Want to be your own boss, but not willing to take on the risk of starting your own business from scratch? Franchising can be a great alternative if you want to have some guidance in the start-up phase of the business.
What is Franchising?
A franchise is a business model that involves one business owner licensing trademarks and methods to an independent entrepreneur. Sometimes, franchises are referred to as chains.
There are two primary forms of franchising:
- Product/trade name franchising
Franchisor owns the right to the name or trademark and sells that right to a franchisee
- Business format franchising
Franchisor and franchisee have an ongoing relationship, and the franchisor often provides a full range of services, including site selection, training, product supply, marketing plans and even assistance in obtaining financing
Before Investing in a Franchise
Before you decide to franchise, you need to do your research. You could lose a significant amount of money if you do not investigate a business carefully before you buy. By law, franchise sellers must disclose certain information about their business to potential buyers. Make sure you get all the information you need first before entering into this form of business.
To learn more about franchising opportunities, visit Federal Trade Commission Bureau of Consumer Protection.
The decision to purchase a franchise involves many factors. To help you explore if franchising is right for you, consider the following questions:
- Do you know how much you can invest?
- What are your abilities?
- What are your goals?
You need a strategy before investing in a franchise. Doing your homework about the franchise first will help you gain a solid understanding of what to expect as well as the risks that could be involved.
- Be a Detective In addition to the routine investigation that should be conducted prior to any business purchase, you should be able to contact other franchisees before deciding to invest. You can obtain a Uniform Franchise Offering Circular (UFOC), which contains vital details about the franchise’s legal, financial, and personnel history, before you sign a contract.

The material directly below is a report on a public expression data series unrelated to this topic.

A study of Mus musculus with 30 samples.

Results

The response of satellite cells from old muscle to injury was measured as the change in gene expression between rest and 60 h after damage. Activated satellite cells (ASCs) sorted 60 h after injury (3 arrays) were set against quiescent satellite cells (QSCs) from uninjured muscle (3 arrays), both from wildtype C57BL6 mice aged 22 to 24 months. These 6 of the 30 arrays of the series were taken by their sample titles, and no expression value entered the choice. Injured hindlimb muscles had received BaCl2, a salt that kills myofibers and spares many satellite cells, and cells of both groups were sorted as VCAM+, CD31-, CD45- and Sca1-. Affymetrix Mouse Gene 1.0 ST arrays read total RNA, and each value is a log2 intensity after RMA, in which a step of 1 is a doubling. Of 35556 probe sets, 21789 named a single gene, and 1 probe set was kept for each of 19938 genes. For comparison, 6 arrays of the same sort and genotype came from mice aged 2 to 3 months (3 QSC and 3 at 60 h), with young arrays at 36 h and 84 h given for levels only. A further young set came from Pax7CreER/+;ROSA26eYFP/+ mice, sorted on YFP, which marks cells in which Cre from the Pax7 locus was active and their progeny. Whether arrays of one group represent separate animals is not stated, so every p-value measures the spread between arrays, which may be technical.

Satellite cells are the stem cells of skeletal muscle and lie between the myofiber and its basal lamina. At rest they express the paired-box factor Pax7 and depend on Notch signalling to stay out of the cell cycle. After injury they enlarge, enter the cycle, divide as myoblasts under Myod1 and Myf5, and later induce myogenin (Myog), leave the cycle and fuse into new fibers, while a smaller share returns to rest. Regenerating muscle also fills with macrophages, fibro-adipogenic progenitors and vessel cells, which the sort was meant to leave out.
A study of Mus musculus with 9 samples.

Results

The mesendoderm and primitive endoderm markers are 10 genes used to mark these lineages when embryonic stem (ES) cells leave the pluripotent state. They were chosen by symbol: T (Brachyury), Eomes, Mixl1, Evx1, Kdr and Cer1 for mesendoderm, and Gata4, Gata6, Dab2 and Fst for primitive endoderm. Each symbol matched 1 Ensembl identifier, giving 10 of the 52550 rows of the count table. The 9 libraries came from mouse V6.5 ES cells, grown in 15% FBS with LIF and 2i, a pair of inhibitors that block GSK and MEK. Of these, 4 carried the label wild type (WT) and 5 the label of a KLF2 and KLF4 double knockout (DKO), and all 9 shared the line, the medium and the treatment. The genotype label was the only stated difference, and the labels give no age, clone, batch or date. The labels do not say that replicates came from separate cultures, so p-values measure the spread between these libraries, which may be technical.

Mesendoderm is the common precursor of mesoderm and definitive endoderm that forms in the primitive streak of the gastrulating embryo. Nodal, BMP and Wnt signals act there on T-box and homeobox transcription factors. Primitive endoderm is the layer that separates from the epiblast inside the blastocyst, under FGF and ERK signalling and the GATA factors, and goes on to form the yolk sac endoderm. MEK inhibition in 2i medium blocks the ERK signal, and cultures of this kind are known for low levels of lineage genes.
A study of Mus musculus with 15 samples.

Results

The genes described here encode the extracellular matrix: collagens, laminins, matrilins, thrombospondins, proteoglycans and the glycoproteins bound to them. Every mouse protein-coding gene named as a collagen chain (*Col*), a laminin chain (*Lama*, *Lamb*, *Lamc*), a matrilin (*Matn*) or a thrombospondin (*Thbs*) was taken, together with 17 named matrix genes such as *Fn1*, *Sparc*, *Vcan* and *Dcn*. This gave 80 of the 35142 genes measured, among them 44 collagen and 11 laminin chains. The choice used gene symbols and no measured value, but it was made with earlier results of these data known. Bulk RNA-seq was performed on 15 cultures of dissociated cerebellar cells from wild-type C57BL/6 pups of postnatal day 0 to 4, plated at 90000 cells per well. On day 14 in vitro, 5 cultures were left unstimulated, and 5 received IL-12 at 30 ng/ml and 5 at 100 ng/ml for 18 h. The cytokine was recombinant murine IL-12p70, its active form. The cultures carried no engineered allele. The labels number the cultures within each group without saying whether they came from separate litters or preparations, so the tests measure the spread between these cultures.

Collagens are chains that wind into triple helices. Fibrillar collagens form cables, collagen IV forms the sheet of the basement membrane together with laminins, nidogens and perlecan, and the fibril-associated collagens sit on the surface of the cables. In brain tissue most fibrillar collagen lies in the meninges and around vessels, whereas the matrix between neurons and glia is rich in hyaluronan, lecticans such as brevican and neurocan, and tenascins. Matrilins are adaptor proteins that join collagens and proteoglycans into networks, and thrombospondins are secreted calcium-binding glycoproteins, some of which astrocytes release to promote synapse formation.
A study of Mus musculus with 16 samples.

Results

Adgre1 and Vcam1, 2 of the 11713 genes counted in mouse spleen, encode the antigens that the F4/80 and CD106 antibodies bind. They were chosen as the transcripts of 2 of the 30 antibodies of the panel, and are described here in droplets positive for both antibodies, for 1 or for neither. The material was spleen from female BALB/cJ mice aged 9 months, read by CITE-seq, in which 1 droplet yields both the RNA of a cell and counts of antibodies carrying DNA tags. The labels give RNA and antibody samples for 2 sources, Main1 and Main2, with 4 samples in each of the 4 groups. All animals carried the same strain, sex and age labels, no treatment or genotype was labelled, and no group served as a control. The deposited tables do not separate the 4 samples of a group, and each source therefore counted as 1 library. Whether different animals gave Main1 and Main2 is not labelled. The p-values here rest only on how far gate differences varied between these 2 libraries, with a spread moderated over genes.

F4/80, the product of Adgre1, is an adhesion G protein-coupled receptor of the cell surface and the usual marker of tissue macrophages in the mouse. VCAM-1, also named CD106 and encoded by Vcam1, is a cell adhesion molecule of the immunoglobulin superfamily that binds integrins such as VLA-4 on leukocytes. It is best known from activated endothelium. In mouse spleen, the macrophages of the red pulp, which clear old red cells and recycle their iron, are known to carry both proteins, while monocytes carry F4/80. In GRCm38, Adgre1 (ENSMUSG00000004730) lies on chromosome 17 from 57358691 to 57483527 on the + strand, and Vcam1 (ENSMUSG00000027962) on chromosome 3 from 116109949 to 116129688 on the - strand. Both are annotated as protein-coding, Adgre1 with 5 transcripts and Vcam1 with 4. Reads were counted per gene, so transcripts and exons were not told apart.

- Know What You are Getting Into Before entering into any contract as a franchisee, you should make sure that you would have the right to use the franchise name and trademark, receive training and management assistance from the franchisor, use the franchisor’s expertise in marketing, advertising, facility design, layouts, displays and fixtures and do business in an area protected from other competing franchisees.
- Watch Out for Possible Pitfalls: The contract between the two parties usually benefits the franchisor far more than the franchisee. The franchisee is generally subject to meeting sales quotas and is required to purchase equipment, supplies and inventory exclusively from the franchisor.
- Seek Professional Help The tax rules surrounding franchises are often complex, and an attorney, preferably a specialist in franchise law, should assist you to evaluate the franchise package and tax considerations. An accountant may be needed to determine the full costs of purchasing and operating the business as well as to assess the potential profit to the franchisee.
Get More Information
If you are considering purchasing a franchise, FTC’s Bureau of Consumer Protection has a wide range of resources and guides to help you buy a franchise avoid franchise taboos.